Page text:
Haftarah Yom Kippur 5762
(The Book Of Jonah)
September 27, 2001
A reluctant prophet is not atypical among the prophets of Israel. Neither Moses nor Jeremiah was eager to serve. Jonah is, however, distinctive in that in some sense his unwillingness to heed the Divine call serves as the book’s theme. Jonah’s trials accentuate the very ideas which underlie Yom Kippur.
Jonah’s behavior is odd and totally “unprophetic”. When God presents him with a mission to go to Nineveh to warn them of the seriousness of their sins, Jonah opts to try to escape the divinely assigned task. “Jonah started out to flee to Tarshish from before God” (Jonah 1:3)
Radak, a 12th – 13th century Provencal Biblical commentator, claims that Jonah was certainly discerning enough to appreciate that he could not actually flee from before God rather he was attempting to avoid God’s mission.
Similarly, when the sea becomes tempestuous and it appears that the boat will go down, when all of the other passengers on the boat have “found religion” in order to save themselves, Jonah descends into the depths of the vessel as if to escape the divine confrontation and “he lays down and falls asleep” (verse 5). One cannot help getting the impression that Jonah is trying to distance himself as much as is humanly possible from God. He even allows the innocent sailors to cast him into the sea to save themselves. He seems to prefer death to his mission. His estrangement with God is total.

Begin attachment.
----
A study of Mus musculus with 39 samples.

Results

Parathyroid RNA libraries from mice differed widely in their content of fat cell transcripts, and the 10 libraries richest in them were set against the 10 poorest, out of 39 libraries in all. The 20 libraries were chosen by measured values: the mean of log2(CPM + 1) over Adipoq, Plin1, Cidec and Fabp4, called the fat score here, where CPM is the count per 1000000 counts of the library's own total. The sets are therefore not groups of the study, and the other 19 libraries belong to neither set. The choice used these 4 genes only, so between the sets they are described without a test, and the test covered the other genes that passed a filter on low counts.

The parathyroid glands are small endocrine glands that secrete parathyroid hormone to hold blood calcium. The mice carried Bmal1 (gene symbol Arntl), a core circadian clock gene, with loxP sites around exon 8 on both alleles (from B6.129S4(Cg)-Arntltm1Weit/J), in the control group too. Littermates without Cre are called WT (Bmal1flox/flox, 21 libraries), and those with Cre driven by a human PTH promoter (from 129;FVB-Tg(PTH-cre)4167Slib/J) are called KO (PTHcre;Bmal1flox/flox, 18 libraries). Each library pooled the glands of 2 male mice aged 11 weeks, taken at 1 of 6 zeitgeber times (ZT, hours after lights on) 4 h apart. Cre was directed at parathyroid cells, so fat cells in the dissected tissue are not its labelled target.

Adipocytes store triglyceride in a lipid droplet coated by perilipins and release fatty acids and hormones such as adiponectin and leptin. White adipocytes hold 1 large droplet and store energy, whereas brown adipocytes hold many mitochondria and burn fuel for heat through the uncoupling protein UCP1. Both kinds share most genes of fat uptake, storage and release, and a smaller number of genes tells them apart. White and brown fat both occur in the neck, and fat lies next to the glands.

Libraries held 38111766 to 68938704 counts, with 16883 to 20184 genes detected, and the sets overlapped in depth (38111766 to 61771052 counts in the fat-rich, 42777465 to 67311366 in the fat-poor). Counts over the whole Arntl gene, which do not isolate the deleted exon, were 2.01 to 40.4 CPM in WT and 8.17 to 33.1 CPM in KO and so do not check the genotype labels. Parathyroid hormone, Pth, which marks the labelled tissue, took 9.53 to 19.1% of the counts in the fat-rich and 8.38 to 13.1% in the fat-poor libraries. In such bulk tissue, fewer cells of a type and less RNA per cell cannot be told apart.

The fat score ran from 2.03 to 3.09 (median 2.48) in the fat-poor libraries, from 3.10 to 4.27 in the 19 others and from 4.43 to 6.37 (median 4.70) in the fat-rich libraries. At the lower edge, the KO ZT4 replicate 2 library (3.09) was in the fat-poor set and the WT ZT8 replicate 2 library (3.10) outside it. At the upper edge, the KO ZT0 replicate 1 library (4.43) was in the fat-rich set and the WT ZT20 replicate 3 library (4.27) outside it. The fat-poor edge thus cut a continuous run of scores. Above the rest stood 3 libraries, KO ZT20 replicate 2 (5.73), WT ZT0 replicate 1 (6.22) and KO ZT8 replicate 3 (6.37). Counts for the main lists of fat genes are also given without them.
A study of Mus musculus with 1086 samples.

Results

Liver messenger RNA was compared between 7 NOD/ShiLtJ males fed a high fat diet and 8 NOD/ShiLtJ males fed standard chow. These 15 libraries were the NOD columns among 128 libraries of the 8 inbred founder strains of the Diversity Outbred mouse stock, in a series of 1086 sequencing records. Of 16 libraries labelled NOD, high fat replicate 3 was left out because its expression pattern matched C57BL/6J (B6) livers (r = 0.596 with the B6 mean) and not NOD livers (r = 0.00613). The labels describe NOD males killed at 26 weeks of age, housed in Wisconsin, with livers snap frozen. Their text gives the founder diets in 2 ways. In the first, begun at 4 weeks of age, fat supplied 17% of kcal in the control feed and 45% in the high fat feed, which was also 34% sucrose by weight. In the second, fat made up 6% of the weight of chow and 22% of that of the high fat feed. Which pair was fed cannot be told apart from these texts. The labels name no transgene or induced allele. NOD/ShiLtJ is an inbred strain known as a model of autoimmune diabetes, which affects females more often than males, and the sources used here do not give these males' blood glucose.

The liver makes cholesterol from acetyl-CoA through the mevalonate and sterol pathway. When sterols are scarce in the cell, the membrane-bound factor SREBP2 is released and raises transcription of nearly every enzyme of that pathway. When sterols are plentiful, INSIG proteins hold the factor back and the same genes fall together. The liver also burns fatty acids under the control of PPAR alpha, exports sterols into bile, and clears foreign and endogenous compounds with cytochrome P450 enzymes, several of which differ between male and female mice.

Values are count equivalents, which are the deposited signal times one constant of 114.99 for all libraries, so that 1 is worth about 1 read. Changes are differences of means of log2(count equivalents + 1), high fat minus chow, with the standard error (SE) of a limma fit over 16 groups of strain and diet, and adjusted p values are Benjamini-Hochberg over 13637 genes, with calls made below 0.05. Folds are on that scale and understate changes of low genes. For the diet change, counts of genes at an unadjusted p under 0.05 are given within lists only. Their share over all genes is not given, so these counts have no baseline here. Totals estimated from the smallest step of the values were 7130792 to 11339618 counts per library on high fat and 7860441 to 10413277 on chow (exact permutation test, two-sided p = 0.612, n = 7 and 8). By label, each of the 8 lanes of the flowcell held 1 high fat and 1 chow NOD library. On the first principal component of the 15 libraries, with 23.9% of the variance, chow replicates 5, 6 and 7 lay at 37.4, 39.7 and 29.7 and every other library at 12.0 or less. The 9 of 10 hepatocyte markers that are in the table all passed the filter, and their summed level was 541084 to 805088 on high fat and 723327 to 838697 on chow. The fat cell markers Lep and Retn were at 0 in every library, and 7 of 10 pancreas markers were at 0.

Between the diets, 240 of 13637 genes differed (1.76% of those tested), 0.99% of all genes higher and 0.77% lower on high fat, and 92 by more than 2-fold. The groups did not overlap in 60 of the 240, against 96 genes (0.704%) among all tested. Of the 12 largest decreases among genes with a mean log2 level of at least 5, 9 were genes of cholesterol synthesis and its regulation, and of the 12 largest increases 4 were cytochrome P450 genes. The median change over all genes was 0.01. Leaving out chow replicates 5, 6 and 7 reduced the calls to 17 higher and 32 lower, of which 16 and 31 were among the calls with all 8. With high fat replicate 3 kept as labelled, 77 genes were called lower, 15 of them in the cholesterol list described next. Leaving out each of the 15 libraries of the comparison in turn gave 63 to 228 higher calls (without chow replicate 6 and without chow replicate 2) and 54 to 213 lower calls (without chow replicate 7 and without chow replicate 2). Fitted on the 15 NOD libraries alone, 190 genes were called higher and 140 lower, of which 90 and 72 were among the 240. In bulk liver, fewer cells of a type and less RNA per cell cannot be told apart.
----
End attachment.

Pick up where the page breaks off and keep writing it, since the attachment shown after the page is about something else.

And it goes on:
What is it that Jonah is trying to avoid? The answer to this question is enigmatic. Whatever the lesson must be, God is insistent that Jonah learn it. When stormy seas and prayerful sailors make no impression on him, God has him swallowed by a fish saving his life. Yet Jonah, both physically and metaphorically, sinks to greater depths. Still there is no response on the part of Jonah. He is without appreciation – without hope.
Ultimately Jonah can no longer avoid his mission to deliver God’s message to the Ninevites. The Ninevites repent and Jonah who should be overjoyed, is left more distraught than ever. He would have preferred that God carry out justice rather than mercy. He finds the idea that God has compassion for those who have repented unbearable?
Jonah understands God’s message but is still oblivious to its import. He complains to God: “You are a compassionate and gracious God, slow to anger, abounding in kindness, renouncing punishment.” (Jonah 4:2) He goes angrily off into the wilderness, willing to die. He is saved only by the graciousness of God that he so loathes. Only after he shows sympathy for the booth (gourd) which God has provided for his shade does he finally realize the significance of God’s message that mercy and compassion are as important as justice.
This study piece is offered as a service of the United Synagogue Conservative Yeshiva. It is prepared by Rabbi Mordechai (Mitchell) Silverstein, senior lecturer in Talmud and Midrash at the Conservative Yeshiva. He is a graduate of the Jewish Theological Seminary of America.